Corrupt cop trouble

Thursday, February 01, 2018
Abidjan, Abidjan, Cote D'Ivoire
This morning I paid for my room, which had to be done in cash, no card payments here. It's a pain because it requires carrying rather large sums of cash around. I hide it in various places on my person and in my bags, so that if thieves get some they won’t get all. We loaded my luggage in the big Pajero and drove to the Brioche for our coffee and French pastries which might not be considered pastries by Americans or Brits. They are only very slightly sweet, nothing like a Danish or a bear claw. Even French desserts are usually not nearly as sweet as the Anglo varieties. 
 We drove on to the hotel where we held the conference and I paid for the remaining rooms, then we said goodbye to Séussié, until next time, and we started out on the long trek to Yamoussoukro, over the same bad roads we had taken to come. 
At Daloa I decided to double check my theory about keeping the camera in my lap. On arrival again the police saw my skin color and moved in for a bribe. This time the camera had no effect on the policeman. He ordered us to park in direct sunlight, which Dosos didn’t do, he parked next to the designated spot but in the shade. The policeman reprimanded him:
-I told you to park here, he gestured.
-I don’t want to drive off the pavement down that step, car parts are expensive.
-And if you are hit be a bus that will be more expensive.
-By God’s grace that will not happen.
-May God hear you (This is certainly taking God's name in vain....). They took Dosso off to check his papers. A while later, another policeman came to my window.
-Vous parlez francais?
-Yes, I said in French
-Why are you here?
-I visited friends in Man.
-Did you arrange to rent with the driver or his boss?
(I should have seen the trap here, but I wasn’t quick enough on the uptake)
-His boss.
-Aha! (unspoken)
Off he went with a smile, he had just pumped me for information he could use against Dosso, who didn’t have a particular document saying he could drive for a merchant, rather than dealing directly with the passenger (me). That meant they had a legal claim that he was not in compliance and they would require a bribe to fix it for him. I kicked myself for being too slow.
In the end Dosso came back to the car to get his phone. “Ah no” he said to himself “if he thinks it will be that easy he’s wrong!” He called a friend in the Police Judiciaire (we don’t really have the equivalent in English, it comes from the Napoleonic Code in France.  PJs work for procurators, which are something like District Attorneys. Long story short, they have clout). A few minutes after his call to Abidjan, a policeman in street clothes arrived and pulled rank on the corrupt policemen. We were allowed to leave without paying anything. They had offered the rotten cop 2000 Francs (four dollars) but he wanted 10,000. In the end he got nothing. So all we lost was 45 minutes sweating in the sun. We gave the good cop a lift back into town.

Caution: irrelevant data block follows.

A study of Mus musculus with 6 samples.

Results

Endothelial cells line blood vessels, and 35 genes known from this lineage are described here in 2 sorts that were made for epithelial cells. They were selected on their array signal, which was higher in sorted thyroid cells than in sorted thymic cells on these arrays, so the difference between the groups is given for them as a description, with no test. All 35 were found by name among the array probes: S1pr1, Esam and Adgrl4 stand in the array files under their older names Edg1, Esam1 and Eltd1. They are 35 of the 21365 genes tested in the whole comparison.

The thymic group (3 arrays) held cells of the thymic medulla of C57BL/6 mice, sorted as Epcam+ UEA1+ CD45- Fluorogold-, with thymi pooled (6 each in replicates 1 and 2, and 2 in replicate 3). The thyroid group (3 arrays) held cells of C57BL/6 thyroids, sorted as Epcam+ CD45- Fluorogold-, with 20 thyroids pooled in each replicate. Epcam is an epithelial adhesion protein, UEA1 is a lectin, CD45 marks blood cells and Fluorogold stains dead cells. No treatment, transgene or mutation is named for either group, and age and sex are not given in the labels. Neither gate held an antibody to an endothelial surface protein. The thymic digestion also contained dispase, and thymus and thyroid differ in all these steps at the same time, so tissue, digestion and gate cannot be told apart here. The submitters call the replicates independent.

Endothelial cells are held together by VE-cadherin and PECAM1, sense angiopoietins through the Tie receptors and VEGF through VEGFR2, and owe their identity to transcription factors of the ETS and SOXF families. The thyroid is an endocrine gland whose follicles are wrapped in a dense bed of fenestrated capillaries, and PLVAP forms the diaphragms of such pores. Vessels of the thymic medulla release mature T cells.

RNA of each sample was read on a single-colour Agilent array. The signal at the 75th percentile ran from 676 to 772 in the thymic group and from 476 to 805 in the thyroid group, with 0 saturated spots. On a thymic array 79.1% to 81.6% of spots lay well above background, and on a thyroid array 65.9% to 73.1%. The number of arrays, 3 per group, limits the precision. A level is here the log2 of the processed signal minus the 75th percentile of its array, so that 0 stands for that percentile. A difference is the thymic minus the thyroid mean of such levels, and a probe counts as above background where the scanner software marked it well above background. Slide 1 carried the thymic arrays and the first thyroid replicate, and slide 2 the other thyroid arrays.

I made a mental note, next time rotten cops pump me for information, I’m going to say “I know what you’re doing, and it’s wrong. I will not help you by answering your questions.” Or maybe simply “no, just no.”
We finally arrived in Yamoussoukro where we stopped for lunch at 1:30. I ordered a pizza of which I at half and had the other half boxed and gave it to Paul. He said he would take it to his wife, who she found out a couple of years ago, really like pizza. I had taken them out for lunch and ordered pizza, while they ordered the usual, fish in sauce and rice. She looked at my pizza as if it had come from an alien spacecraft. But I sent some home with her so she could try it and to her great surprise she found she loved it. Now I’m happy to send some her way when I can and Paul does too.
There is often little variety in the local diet.  Except for Doss he ordered agouti again.  To maintain my appetite I avoided looking at the bug chunks of rat in sauce, I just focused on my pizza.
We arrived in Abidjan about 5:00 and drove back to Treichville to change more money. Things always cost more than one thinks. Back at the Ibis, I paid Dosso and picked up my receipt and gave Paul some assistance too, then shook his hand and thanked him for his help and service.
Tomorrow will be a travel day, taking me on to my next stop: Lomé in Togo.

Photos & Videos



Interesting mud flaps on that blue truck. Thanks for the narative Joel, always fascinating.

Margaret Villaescusa

I can see that along with protection you also need large measures of wisdom in your travels. Thankfully we know God promises to provide that too. Thank you once again for writing these blogs which provide incite and awareness.

Mary Hendren

It must be hard to stay ahead of all the attempts for bribery. Someday it will be different!